Frederick Douglass, a well-known abolitionist, and preacher known for his command of language and prose, remains a towering figure in the annals of history for his long-standing fight against the practice of slavery in America. Douglass was in bondage prior to his anti-slavery campaign and fight for African American equality.
Before gaining his freedom in 1838, Douglass was enslaved by several people. Douglass, then known by his birth name Frederick Augustus Washington Bailey, had attempted to flee for two years before his success. He went on to become an abolitionist and one of the most famous men in the United States, culminating in his historic meeting with Abraham Lincoln during the Civil War in 1863.
At the time, Douglass believed that only by joining the war could African Americans achieve freedom and full citizenship. However, because Lincoln’s primary concern was the preservation of the Union, he did not fully support the recruitment of Black soldiers until after he issued the Emancipation Proclamation on January 1, 1863, which called on Black men to enlist in the United States Army, among other things. Following the proclamation, Douglass enlisted two regiments of Black soldiers, and his two sons, Charles and Lewis, were among the first.
Confederate forces began assassinating and torturing Black soldiers they imprisoned as the war progressed. Some were even free Black men who were captured and sold into slavery. Douglass was enraged that the White House did nothing to stop this.
As a result, he published a letter in his “Douglas Monthly” newspaper condemning President Lincoln and the War Department for doing nothing to help Black prisoners of war. Douglass stated in a letter to Maj. George L. Stearns, a leading recruiter of Black troops, that he could not go ahead and recruit Black men for the Union.
“No word was said when free men from Massachusetts were caught and sold into slavery in Texas,” Douglass wrote. “No word is said when brave black men, who according to testimony of both friend and foe, fought like heroes to plant the star-spangled banner on the blazing parapets of Fort Wagner, and in doing so were captured, some mutilated and killed, and others sold into slavery.”
Stearns asked Douglass to travel to Washington to speak with Lincoln directly, but historians say this was a risky trip given Douglass’s race and status as an ex-slave. Douglass himself confirmed this. “I was an ex-slave, a member of a despised race, and yet I was to meet the most exalted person in this great republic,” he wrote.
Douglass still visited the White House in August 1863, accompanied by a Kansas senator. When he arrived at the White House, he assumed he would not be allowed in because there was already a crowd of white people waiting to see the president in front of the building. Douglass later explained that he was “the only dark spot among them,” and that he expected to have to wait at least half a day to see Lincoln. When he sent his card up the line, it took less than two minutes for a White House messenger to emerge from the building and summon Douglass, much to the chagrin of the white crowd waiting to see Lincoln.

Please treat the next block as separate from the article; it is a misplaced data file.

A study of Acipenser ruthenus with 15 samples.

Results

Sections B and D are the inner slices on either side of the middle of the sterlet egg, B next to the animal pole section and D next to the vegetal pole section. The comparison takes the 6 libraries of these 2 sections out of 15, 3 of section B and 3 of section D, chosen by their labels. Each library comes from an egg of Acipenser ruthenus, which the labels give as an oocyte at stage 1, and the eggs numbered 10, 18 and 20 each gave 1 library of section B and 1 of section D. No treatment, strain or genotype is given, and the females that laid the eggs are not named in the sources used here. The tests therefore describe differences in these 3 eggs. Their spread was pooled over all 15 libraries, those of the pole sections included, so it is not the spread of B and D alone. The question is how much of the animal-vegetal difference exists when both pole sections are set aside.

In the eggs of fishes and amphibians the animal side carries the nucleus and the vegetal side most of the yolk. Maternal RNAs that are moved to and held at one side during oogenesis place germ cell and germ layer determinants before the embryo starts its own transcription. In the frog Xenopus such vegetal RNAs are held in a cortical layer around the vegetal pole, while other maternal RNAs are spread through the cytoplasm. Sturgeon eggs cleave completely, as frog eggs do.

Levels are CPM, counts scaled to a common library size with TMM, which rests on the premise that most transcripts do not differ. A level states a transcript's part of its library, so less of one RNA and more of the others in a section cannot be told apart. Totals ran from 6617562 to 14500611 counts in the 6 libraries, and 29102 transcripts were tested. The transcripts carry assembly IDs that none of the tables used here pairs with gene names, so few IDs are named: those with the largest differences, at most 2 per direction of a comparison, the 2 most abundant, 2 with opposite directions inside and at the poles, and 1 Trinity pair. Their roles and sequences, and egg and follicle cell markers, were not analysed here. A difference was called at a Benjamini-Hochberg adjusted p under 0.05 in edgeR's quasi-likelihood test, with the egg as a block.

“I could hear the remark, ‘Yes, damn it, I knew they’d let the n—- through,’ from the eager crowd outside as they saw me pressing and elbowing my way through,” Douglass later recalled.
“I recognize you, Mr. Douglass,” Lincoln said after the two met and Douglass attempted to introduce himself. They exchanged handshakes, and Douglass explained why he wanted to meet.
“I wanted to bring to his attention, first and foremost, that colored soldiers should be paid the same wages as white soldiers,” Douglass later narrated. “Second, that when taken prisoners, colored soldiers should receive the same protection and be exchanged as easily and on the same terms as any other prisoners, and if Jefferson Davis should shoot or hang colored soldiers in cold blood, the United States government should retaliate in kind and degree without delay on Confederate prisoners in its hands.”
Lincoln told Douglass that he would not hesitate to sign any commission for Black soldiers recommended by the secretary of war. The president, however, made no commitment to equal pay. Douglass later wrote that he was “satisfied with the man and with the educating tendency of the conflict that I determined to go on with the recruiting.”
Douglass would go on to visit Lincoln at the White House three more times after Lincoln invited him. He was also present at Lincoln’s second inauguration, during which the president condemned slavery as “an offense” against God.
Historian David Blight wrote of Douglass and Lincoln’s historic meeting in 1863, “Douglas had been disarmed to an extent by his host’s unpretentiousness and received a political education of a kind. Lincoln too had perhaps learned something of how a Black leader felt about the war for their future and the inhumanities they endured to fight it. The president might also have sensed for future reference how this brilliant radical pragmatist sitting with him that morning might be useful to the nation’s survival.”